NADA SURF SET TO RELEASE NEW RECORD, THE STARS ARE INDIFFERENT TO ASTRONOMY, JANUARY 24, 2012

Barsuk Records is excited to announce the release of the new Nada Surf record, The Stars Are Indifferent To Astronomy, on January 24, 2012. NPR debuted the first track, “When I Was Young,” yesterday. Fans can now grab, share and re-post the free download from NPR HERE. Stars is Nada Surf’s seventh record, and fourth for Seattle indie Barsuk, following the successful and critically lauded Let Go (2003), The Weight is a Gift (2005), Lucky (2007) and their self-released covers record if i had a hifi (2010). This is their first album of new material in four years. The band will perform a day-of-release show at New York City’s Bowery Ballroom.

Nada Surf’s lineup for 15 years has been and still is Matthew Caws (vocals, guitar), Daniel Lorca (bass) and Ira Elliot (drums), though this time, as on if i had a hifi and the tour that followed, they invited guitarist Doug Gillard (Guided by Voices, Death of Samantha) to join in the proceedings. Chris Shaw (Wilco, Brendan Benson, Elvis Perkins in Dearland and Super Furry Animals) was brought in to produce and record, having worked with the band before when he mixed their hit song, “Always Love.”

Unlike all of the other Nada Surf records, Stars was made with a distinct attempt to capture their live sound.

“We’ve always played faster and a little harder live,” Caws says, “but we’d play so carefully in the studio. So with this album, we made a conscious decision to preserve what it felt like in the practice room, when you play with that new-song energy. Just embrace it and not worry whether we’re overdoing it, kind of get all the thinking out of the way.” The tempos are high, but the songs bristle with hooks, breathtaking changes, and Nada Surf’s trademark genius bridges. The educated ear will hear the influence of many bands from ’60s Brit-pop to post-punk and vintage indie, and yet there is an unmistakable Nada Surf sound: a certain rhythm section groove, introspective chord shapes and the unique emotional weight to Caws’s voice, both boyish and very soulful, a combination of wisdom and vulnerability.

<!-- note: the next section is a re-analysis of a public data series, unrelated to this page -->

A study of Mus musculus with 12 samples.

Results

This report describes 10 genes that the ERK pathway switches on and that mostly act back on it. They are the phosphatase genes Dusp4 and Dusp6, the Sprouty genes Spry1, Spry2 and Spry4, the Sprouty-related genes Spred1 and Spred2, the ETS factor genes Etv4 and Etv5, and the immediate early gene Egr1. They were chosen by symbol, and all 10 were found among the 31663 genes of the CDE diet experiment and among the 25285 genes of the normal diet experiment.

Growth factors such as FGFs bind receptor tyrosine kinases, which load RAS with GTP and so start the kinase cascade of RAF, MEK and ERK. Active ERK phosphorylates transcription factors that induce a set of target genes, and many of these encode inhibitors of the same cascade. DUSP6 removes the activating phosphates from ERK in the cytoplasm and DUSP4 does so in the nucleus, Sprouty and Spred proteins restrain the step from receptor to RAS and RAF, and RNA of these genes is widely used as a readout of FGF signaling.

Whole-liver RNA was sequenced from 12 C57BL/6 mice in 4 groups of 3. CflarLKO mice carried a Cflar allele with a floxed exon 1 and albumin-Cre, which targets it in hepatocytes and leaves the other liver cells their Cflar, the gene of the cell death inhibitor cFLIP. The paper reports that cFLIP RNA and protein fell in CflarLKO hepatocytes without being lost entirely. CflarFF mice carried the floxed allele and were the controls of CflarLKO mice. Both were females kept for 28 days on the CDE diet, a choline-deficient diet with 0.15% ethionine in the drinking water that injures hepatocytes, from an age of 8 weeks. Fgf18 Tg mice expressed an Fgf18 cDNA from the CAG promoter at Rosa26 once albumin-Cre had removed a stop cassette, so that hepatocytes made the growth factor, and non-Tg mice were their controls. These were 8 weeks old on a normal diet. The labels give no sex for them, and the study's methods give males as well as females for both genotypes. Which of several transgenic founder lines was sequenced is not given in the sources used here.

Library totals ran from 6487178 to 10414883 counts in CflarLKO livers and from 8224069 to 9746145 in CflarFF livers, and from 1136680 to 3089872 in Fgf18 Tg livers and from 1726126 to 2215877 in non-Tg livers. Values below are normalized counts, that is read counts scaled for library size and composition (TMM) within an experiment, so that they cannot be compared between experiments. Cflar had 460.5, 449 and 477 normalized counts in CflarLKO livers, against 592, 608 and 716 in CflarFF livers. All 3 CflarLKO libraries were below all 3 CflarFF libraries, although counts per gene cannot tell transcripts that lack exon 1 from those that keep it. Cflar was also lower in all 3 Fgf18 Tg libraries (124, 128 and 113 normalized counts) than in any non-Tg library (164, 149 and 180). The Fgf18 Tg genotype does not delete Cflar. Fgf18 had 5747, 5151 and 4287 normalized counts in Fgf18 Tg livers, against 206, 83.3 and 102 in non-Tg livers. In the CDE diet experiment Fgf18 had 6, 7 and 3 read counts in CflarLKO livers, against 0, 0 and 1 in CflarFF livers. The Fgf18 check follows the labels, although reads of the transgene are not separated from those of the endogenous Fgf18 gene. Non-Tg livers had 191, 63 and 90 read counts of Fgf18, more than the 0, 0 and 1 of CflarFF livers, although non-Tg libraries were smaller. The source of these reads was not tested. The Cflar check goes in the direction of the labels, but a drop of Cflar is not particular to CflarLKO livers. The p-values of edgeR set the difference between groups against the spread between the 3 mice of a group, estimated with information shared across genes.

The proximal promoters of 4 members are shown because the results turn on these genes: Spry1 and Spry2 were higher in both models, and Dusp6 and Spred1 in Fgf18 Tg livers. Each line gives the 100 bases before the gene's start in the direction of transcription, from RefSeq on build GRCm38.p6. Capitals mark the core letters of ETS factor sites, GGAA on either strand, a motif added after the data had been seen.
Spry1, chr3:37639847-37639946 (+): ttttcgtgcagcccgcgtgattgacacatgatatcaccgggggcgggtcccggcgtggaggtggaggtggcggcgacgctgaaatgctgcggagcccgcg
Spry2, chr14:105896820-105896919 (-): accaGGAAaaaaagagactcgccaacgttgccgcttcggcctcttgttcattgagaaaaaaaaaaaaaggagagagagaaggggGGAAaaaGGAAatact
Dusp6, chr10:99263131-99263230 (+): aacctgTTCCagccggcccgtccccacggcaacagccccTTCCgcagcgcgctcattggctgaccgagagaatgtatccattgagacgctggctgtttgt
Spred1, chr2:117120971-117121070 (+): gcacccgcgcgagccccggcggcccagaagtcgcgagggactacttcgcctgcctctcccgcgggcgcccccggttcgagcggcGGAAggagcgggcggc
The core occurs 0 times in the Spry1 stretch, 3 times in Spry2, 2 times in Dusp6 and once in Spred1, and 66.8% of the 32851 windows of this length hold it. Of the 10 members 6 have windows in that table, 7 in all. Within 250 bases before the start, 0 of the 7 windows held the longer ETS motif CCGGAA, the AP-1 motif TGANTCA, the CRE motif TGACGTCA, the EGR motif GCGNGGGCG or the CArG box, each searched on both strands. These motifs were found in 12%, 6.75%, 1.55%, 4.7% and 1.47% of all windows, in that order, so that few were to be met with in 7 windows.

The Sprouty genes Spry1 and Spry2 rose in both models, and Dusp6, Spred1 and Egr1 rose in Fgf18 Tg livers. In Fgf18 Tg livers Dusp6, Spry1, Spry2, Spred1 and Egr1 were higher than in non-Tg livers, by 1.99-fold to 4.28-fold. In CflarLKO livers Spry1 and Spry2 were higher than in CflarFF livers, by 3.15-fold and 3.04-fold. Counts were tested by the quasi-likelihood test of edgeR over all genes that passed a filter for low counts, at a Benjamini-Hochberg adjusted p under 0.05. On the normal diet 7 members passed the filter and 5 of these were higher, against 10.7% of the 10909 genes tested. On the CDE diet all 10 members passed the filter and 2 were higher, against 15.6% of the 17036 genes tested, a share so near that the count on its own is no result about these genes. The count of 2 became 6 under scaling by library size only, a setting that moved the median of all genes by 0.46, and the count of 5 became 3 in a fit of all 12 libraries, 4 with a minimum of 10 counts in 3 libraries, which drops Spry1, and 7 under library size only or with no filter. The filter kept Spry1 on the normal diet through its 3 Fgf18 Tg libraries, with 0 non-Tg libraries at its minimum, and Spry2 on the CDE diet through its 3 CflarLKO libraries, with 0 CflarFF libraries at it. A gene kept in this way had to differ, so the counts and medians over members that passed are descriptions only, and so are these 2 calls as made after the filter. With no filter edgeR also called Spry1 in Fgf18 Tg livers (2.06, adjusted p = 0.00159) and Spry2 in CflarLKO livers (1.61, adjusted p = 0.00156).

“I really love Nada Surf,” author Jennifer Egan told Minnesota Public Radio this year, adding that she listened to the band’s music for inspiration while writing her 2010 Pulitzer Prize-winning novel A Visit from the Goon Squad. “What they write about is very subtle moments of everyday life. They make it all look and feel very easy and natural.”

“The Stars Are Indifferent to Astronomy is tremendous – full of big, blooming rock that practically glows with generosity,” says NPR. “As its title indicates, the record frequently examines the perils of over-analysis; of self-flagellation and pining for fantasy worlds instead of living and enjoying life. Among The Stars Are Indifferent to Astronomy’s many highlights is “When I Was Young,” a winsome look at the disconnect between youthful wishes and adult realities. Naturally, Caws takes the least grim possible position: that we’re lucky enough to age into a place where the world we want is ours for the taking.”

Nada Surf had made all but their first record outside of New York, figuring they’d avoid distractions. But if you want to preserve the energy of the practice room, why not record in the practice room? So for Stars they set up shop in their rehearsal space in Lorca’s long-time loft in Williamsburg, Brooklyn. The place is nicknamed “The Sitcom” because it regularly hosts a revolving cast of colorful characters and some legendary parties. There were some issues though – “We couldn’t do vocals late at night,” says Caws, “because the music from the bar downstairs would come through the floor.”

“Making this album was such a joy, the most fun we’ve had with a record,” Caws continues. “Formany years I’d only write if I had something troubling going on in my life and I needed to break through, but now I wanted to get past writing about just myself. That new outlook, for me, is the engine for making this record.”

The Stars Are Indifferent to Astronomy continues the notion of music as an alternative reality, and songs as things you can keep by your side for inspiration and support. Which is what makes Nada Surf a truly beloved band.

Author: James McQuiston

Ph.D. in Political Science, Kent State University.

I have been the editor at NeuFutur / neufutur.com since I was 15. Looking for new staff members all the time; email me if you are interested. Thanks!